Cambodia’s rugby team succumbs to a 10-9 defeat by Brunei in their opening fixture of the Asian 5 Nations Southeast Regional rugby tournament as second-half sin bins prove costly
Cambodian rugby team captain Pich Ratana (centre) gets tackled by a Brunei player during the opening match of the Asian 5 Nations Southeast regional tournament at Phnom Penh’s Old Stadium Sunday. JOE GARRISON
Brunei’s Hj Rozaimienizam Hasi Jainal (centre, with ball) is congratulated by scrum half Muhamad Ziyad bin Hj Ramlee (left) and teammates after scoring the game’s only try Sunday. JOE GARRISON
TWO second-half sin-bins and an injury proved costly for Cambodia in their 10-9 defeat to Brunei at Phnom Penh’s Old Stadium Sunday. A spirited second-half fightback by the Koupreys, who clawed back to within a point in their opening game of the Asian 5 Nations Southeast Regional tournament, was stymied by yellow cards for lock Sopha Yun and scrum half Em Ratana.
Slight favourites coming into the match due to their size advantage, the visitors’ powerful forward row dominated early exchanges, at times looking like they would steamroll their way over the hosts. However, dogged defending by Cambodia and some poor ball-handling by Brunei began to swing the match in favour of the home team. Ultimately, poor decision-making meant it was not enough to gain revenge for last years defeat.
“It was disappointing to lose by one point at the end of the game,” admitted Cambodia and Sisowath Knights lock Robert Baker. “We expected them to tire in the second half: Then we could use our speed and endurance and come back at them. It did work out, but not quite the way we planned.”
Against the run of play Cambodia took the lead early on, when captain and flyhalf Pich Ratana kicked a seventh-minute penalty following a good drive down the middle by center Arashad Lovy.
However, a steady spell of pressure soon saw Brunei take control in the 11th minute through a try from centre Hj Rozaimienizam Hj Jainal. A quick move begun by captain Ahmad Faez bin Haji Anuar on the Cambodian right played in the number 13 who burst through the Kouprey’s over-stretched defence and touched down on the left of the posts. Flyhalf Petrus Tuan, one of several naturalised players in the Brunei team, scored the conversion that increased the lead to four, with the score looking just reward for their early dominance.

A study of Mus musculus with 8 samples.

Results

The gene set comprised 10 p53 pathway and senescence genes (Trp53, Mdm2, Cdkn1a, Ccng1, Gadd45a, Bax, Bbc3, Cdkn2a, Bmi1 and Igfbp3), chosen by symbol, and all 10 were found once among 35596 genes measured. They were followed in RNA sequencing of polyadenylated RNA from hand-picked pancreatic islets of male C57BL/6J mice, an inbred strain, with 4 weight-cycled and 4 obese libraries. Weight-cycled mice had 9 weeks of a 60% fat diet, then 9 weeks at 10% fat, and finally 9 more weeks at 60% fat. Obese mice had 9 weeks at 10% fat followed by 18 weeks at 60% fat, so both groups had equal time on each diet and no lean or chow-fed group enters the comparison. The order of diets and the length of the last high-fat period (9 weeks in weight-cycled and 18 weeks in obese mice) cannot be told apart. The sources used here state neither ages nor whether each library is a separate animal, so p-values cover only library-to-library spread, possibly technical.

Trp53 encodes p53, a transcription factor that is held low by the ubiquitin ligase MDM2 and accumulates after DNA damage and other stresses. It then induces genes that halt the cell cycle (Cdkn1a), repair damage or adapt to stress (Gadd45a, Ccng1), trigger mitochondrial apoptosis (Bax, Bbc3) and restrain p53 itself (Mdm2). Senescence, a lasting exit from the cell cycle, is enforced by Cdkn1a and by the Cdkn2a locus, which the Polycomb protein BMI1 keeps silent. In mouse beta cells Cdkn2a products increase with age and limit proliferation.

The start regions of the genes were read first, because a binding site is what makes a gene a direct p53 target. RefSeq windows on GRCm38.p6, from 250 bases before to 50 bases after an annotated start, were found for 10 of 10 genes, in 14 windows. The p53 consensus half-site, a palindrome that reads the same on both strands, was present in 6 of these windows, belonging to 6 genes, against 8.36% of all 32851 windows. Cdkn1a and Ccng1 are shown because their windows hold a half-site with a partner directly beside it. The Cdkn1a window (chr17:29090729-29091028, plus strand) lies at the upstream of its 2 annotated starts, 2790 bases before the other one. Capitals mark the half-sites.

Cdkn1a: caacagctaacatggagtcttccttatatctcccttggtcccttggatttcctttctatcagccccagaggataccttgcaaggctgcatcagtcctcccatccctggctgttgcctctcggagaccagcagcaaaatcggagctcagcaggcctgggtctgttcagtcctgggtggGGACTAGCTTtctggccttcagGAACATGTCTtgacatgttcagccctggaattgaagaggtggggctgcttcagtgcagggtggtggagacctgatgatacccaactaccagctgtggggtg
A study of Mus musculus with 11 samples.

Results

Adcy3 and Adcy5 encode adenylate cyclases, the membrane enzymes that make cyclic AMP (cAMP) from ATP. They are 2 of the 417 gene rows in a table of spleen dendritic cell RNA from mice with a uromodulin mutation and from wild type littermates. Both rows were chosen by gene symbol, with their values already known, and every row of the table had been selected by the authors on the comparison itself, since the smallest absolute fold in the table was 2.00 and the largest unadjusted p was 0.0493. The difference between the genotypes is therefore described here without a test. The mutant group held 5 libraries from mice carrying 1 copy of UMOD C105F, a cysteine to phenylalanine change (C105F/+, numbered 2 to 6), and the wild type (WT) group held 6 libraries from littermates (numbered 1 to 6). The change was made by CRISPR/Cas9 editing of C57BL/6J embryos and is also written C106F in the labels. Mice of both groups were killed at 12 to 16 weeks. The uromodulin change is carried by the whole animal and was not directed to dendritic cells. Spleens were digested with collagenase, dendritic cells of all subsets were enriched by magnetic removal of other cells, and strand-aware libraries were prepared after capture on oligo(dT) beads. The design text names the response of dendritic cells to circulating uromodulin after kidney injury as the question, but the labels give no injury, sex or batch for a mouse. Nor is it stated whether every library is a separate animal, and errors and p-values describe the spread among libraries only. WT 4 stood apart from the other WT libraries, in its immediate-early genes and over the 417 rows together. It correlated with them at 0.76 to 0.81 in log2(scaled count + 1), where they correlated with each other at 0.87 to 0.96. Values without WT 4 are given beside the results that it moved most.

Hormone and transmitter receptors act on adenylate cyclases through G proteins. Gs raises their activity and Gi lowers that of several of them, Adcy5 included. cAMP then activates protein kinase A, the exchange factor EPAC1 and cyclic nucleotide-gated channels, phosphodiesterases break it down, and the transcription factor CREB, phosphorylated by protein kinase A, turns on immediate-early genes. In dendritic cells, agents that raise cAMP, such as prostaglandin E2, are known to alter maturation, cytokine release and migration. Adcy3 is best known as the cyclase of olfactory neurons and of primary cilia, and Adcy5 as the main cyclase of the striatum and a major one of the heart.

Rather than open the floodgates, the try seemed to galvanise the Koupreys as penetrating runs by first lock Sopha Yun and then Arashad Lovy again almost snatched the lead back. Instead, they settled for a penalty, successfully kicked between the posts by Pich Ratana on the 19th minute to bring the score to within one point.
Bad luck followed after the drinks break, as the Koupreys suffered both injury and insult. Fullback Chan Samedi was taken off with a dislocated shoulder after a heavy challenge, and Brunei winger Ak Md Muizzuddin kicked a long-range penalty to maintain a four-point cushion at halftime.
“Same again,” Cambodia coach Richie Flanagan said during his pitch-side team talk. “They’re gonna come out, in the first 5-10 minutes of the second half and they’re gonna hit hard. We have to absorb that for 10 minutes and then after that we can work on our game-plan.”
Flanagan’s tactics were disrupted after just five minutes of the restart, as stamping in the aftermath of a Koupreys scrum led to Em Ratana’s trip to the bench. The resultant penalty for the infringement was kicked by Tuan from distance, striking the crossbar and bounced back into play.
The second half followed the pattern of Brunei focusing on rucks and trying to force their way through, while the Koupreys attempted a running game that worked in fits and starts, often being let down by poor kicking. Flanagan had implored the team at halftime to take more kicks at goal, but a 54th-minute penalty attempt by winger Khemarin Dul was well short.
A successful 70th-minute attempt by Pich Ratana should have led to a grandstand finish, with impressive center Vireak Vannak looking the man most likely to make a breakthrough.
Unfortunately, another sin-binning, this time for Sopha Yun for elbowing, meant that the game petered out as the Koupreys failed to break through.
Brunei’s New Zealander coach, Ben Bourne, was relieved to have gained the win. “It was pretty tough actually, pretty hard to predict who was gonna win especially in the second half,” he stated. “I thought Cambodia came back really well.”
Despite the defeat, Flanagan, seemed more upbeat than his counterpart. “Overall, I was very impressed with our team. I thought [Brunei] looked tired in the second half. I was confident we’d go ahead and go for victory. But for some silly sinbins, a few handling errors and kicking the ball away when we shouldn’t have, we could have won.”
Looking ahead to their next game against Laos Saturday, Flanagan was optimistic. “We’ll see how Laos and Brunei goes” on Wednesday, he asserted. “It’s still gonna be a very tough match for Laos, and they only have a three day turnaround. So if we get over a few injuries we’ll be alright. I’ll be quietly confident for the next game.”